Mary Colhoun, an East Hampton resident from 1955 to 1969 and a commercial pilot who logged over 20,000 hours of flight time, died on Sunday at Middlesex Hospital in Middletown, Conn., surrounded by her family and her partner, William A. Hayden. Ms. Calhoun, who was 86, had renal failure.
Ms. Colhoun was born on Jan. 11, 1926, in Mansfield, Ohio, to Robert Bushnell and the former Marietta Kegg. For much of her life, she lived in several towns in Connecticut, including Lyme, Fairfield, and Greenwich.
Ms. Colhoun’s path to flight began in East Hampton with unlikely origins, explained her daughter, Janet Ryder, recently of Rowayton, Conn. Ms. Calhoun was a commercial artist, and Mel Lamb, who operated the East Hampton Airport at the time, had asked her to design the color combination for the airport’s fleet. In lieu of payment, she took flying lessons.
With her first husband, Dr. Kenneth W. Horne, she owned a Cessna 172 aircraft that was based at the airport. That marriage ended in divorce.
Ms. Colhoun flew for Montauk Caribbean Airways in the early 1960s, said Ms. Ryder. Her noteworthy passengers included Richard Nixon and Santa Claus, the latter taking an annual flight to East Hampton in a two-seat Aircoupe, which Ms. Colhoun would then taxi up Main Street, to everyone’s delight.
She painted sets for productions at Guild Hall, and served as a model in Ladies Village Improvement Society fashion shows. Ms. Colhoun was also a dedicated photographer, and enjoyed sailing and golf. “She will be deeply missed by her family and friends,” her family said, “and her adventurous spirit and warm personality will live on in all of our hearts.”
In addition to Ms. Ryder, and Mr. Hayden, Ms. Calhoun is survived by her son, Jeff Horne of Thornton, Colo., one granddaughter, and three great-grandsons. A marriage to John W. Kiser also ended in divorce. Her third husband, Stephen D. Colhoun, died several years ago.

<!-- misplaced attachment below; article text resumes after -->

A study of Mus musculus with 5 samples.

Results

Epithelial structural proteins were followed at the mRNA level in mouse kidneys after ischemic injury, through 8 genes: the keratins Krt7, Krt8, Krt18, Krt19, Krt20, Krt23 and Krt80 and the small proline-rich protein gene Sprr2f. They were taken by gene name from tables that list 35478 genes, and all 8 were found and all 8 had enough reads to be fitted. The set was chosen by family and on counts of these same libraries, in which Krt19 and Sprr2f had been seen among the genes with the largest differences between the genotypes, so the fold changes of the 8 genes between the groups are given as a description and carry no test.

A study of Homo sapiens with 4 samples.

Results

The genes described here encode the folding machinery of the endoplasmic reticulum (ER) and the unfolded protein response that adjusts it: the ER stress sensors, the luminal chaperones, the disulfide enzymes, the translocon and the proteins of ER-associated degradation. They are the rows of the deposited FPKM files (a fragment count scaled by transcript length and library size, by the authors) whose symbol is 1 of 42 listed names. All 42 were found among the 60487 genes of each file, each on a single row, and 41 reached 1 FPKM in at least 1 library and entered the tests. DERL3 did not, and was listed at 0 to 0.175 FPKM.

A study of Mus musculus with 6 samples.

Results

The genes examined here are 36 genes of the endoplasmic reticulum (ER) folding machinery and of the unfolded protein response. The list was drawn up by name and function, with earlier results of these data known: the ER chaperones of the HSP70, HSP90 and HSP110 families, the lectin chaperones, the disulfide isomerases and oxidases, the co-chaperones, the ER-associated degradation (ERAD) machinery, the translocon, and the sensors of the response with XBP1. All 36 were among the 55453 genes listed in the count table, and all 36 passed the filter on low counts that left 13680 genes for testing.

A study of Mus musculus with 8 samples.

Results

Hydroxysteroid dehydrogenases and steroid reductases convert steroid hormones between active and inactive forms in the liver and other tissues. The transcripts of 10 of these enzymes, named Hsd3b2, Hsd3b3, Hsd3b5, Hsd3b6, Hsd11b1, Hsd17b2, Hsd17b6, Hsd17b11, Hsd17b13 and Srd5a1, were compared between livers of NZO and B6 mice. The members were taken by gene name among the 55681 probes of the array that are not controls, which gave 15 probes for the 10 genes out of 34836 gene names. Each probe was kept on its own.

A celebration of Ms. Colhoun’s life will be held on Aug. 11 in Lyme, Conn. Those seeking details about the celebration have been asked to e-mail email@example.com. Messages of condolence should be sent to the same address.
Burton K. Lewis, 87
Burton K. Lewis, who was a fixture on the restaurant scene here for many years for his distinctive yellow glasses and gregarious nature, died on July 6 at home in Queens. He was 87.
A part-time resident of Devon Road, Amagansett, since 1969, he knew just about everyone there was to know, said his family, and was a patron of all the stores from Montauk to Southampton.
Mr. Lewis was first introduced to the area by a friend about 10 years before he bought the Amagansett house. For years, the family would spend occasional weekends in Montauk.
His daughter Marjorie Retzkin of Huntington said that when she and her siblings were young, their father would drive the family to the beach before they arrived at the house, “to make sure he had put enough water in the ocean.” This ritual, of visiting the ocean, continued up to his death, she said.
Friends, such as those in his circle known as the breakfast club, encountering him on the street might greet him with a smile and ask, “Hey Burton, any new dirty jokes?” she said.
Ms. Retzkin said her father enjoyed life to the fullest.
As an ex-president of the Myasthenia Gravis Foundation, which aids research into the neuromuscular disorder, he was instrumental in hosting fund-raisers at Grand Central Station, Radio City Music Hall, and the Intrepid Museum in Manhattan.
He was born on July 20, 1924, in Middletown, Conn., to Beverly Hattie Lewis, and grew up there before moving to Brooklyn. His careers included work in export packing and shipping and real estate, though he had gone to agricultural school and at one time had harbored a dream of owning a farm. He did spend time gardening, his family said, and raised Saint Bernards, which he took to dog shows, and basset hounds. He also was a master of needlepoint, they said.
In addition to Ms. Retzkin, Mr. Lewis is survived by a son, Roger Lewis of Roslyn. He also leaves his companion, Vivian Barbosa, as well as three grandchildren.
His wife, Carol Lewis, and a daughter, Lauren Erlich, died before him.